Two summers ago, my girlfriend Aly and her one-year-old son Gatsby came to visit me. Being in a new place, her son was, of course, exploring everything. As he would get into things in our non-baby proof house I noticed Aly kept saying "Eh, eh, eh." "Gastby, eh, eh, eh!" "eh, eh, buddy!" Finally I had to ask her, "Ok, what's up with all the eh, eh, eh's? Why don't you tell him 'no'?" She said that she had heard it's good to save your no's. I asked her about this recently, after reading about it in the book Thirty Million Words, and she responded "I did that?" "Oh my god. I tell him no all the time now." Yep, sounds about right... Reality trumps the best of intentions.
Dr. Dana Suskind, the author of Thirty Million Words, absolutely agrees to "save your no's", and there is a lot of research as to why we should. First, a child's brain grows 85% in the first three years of life, and the number of words a child is exposed to during this time is significantly correlated with the child's ultimate IQ and academic success (TMW). However, as Hart and Risley found in their famous 1960's study "Thirty Million Word Gap", the quantity of words is only one part of the equation. The type of language a child hears is important too. As Suskind so delicately puts it, "Even without science, we know intuitively that saying "shut up" to a baby thirty million times is not going to help a child develop into an intelligent, productive, stable adult" (p. 40). Hart and Risley found that imperatives and prohibitions stifle a child's ability to acquire language. "We saw the powerful dampening effects on development when (a child's interacting with a parent) began with a parent-initiated imperative; "Don't" "Stop" "Quit that" (Suskind, p. 37). Directives like "Sit down", "Be quiet" or "Don't do that" are actually counterproductive when it comes to building a child's brain, Suskind says (p. 178). For the moment the child might stop doing what you're asking them to do, or might start doing something they're not, but what has been stopped or accomplished is the action of the moment, not the ongoing habit.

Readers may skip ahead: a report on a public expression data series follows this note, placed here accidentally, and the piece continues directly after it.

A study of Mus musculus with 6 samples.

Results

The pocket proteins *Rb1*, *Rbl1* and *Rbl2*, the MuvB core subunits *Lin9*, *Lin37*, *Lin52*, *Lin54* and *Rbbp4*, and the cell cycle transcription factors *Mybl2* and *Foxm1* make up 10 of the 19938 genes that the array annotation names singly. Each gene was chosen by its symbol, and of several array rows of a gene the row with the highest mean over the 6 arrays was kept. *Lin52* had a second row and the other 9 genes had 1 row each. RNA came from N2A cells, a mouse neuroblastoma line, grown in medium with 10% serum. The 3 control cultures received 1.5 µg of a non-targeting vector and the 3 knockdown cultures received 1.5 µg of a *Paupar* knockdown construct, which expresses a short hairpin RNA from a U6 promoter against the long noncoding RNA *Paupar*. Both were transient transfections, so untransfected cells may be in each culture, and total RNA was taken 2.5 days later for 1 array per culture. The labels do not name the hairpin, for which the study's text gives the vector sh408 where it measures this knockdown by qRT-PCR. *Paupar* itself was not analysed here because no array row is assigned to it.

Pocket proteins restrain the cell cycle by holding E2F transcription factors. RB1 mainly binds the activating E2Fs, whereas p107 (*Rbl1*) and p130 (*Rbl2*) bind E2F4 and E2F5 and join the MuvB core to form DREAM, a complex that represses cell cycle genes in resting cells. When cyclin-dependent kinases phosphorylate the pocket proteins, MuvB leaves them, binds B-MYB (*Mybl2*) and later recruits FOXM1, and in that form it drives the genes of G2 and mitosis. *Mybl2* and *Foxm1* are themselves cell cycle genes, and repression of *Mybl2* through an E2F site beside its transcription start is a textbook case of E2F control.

So what if your child is being crazy, and you need him to not do this or quit doing that? Well, last year when I was working as the behavior intervention teacher I was writing the school rules for different areas of the building, like the hallways, cafeteria and playground, and the middle school principal gave me the best advice about positive language. He said "instead of saying what you don't want students to do, tell them exactly what you want to see them doing; keep it positive." For example, instead of the rule being "don't run in the hallways", he would say "walk in the hallways". Or, for our children at home "stop playing with the ball in the house", would sound like "please only throw the football outside". Or, "quit picking your nose and eating your boogers", would be "please use a tissue to wipe your nose and then throw it away". (My daughter just got over her first cold, so I've got boogers on my mind.)
In addition to keeping the language positive, Suskind suggests using what she calls "because thinking", which is explaining the reasoning behind a rule or request. Let's be clear that she's not saying you owe your child an explanation, but "because thinking" does help a child understand that there is a rationale for doing something, that it's not just a parent-to-child order. So, instead of saying, "hurry up and finish your food, we have to go in ten minutes", you might say "Johnny, remember how I told you it's important to eat your food because it gives you energy and makes you strong? Well we're going to go to the park in about ten minutes, and I want you to be able to run around and play without feeling tired, so please finish all your food so you can have the most fun possible." Yes, it takes longer, but that's how we get to thirty million words. It also helps children learn cause and effect, the consequences of actions, why things should be done a certain way, and it's part of learning critical thinking (Suskind, p. 179). Of course, understanding why we do certain things at certain times won't happen overnight, but Suskind says that using "because thinking" will ultimately culminate in a judicious, analytical brain that will say "don't" all by itself, and that is the goal (p. 181). And, no, "because I said so" doesn't count as "because thinking". Sorry.
Of course there are times where a firm NO is necessary. Your daughter is sticking her finger in a light socket? NO! Your child is getting ready to run in to traffic? NOOO! Your son is getting ready to take a drink of your wine? NOOOOO! "That's mommy's juice, and mommy needs her juice because..." (insert "because explanation" here). These are the times we save our No's for.
Confession: My daughter is 6.5 months old and I have told her "no" several times already, especially now that her new thing is to bite me while breastfeeding. It's a hard habit to break, but I know I always want to know the reasoning behind why I'm being told I have to do something, whether it's staying late for a meeting or paying taxes. I think she deserves for me to explain to her why I'm asking her to do, or not to do, certain things. And, if I can't give a good reason, maybe it's just not that important.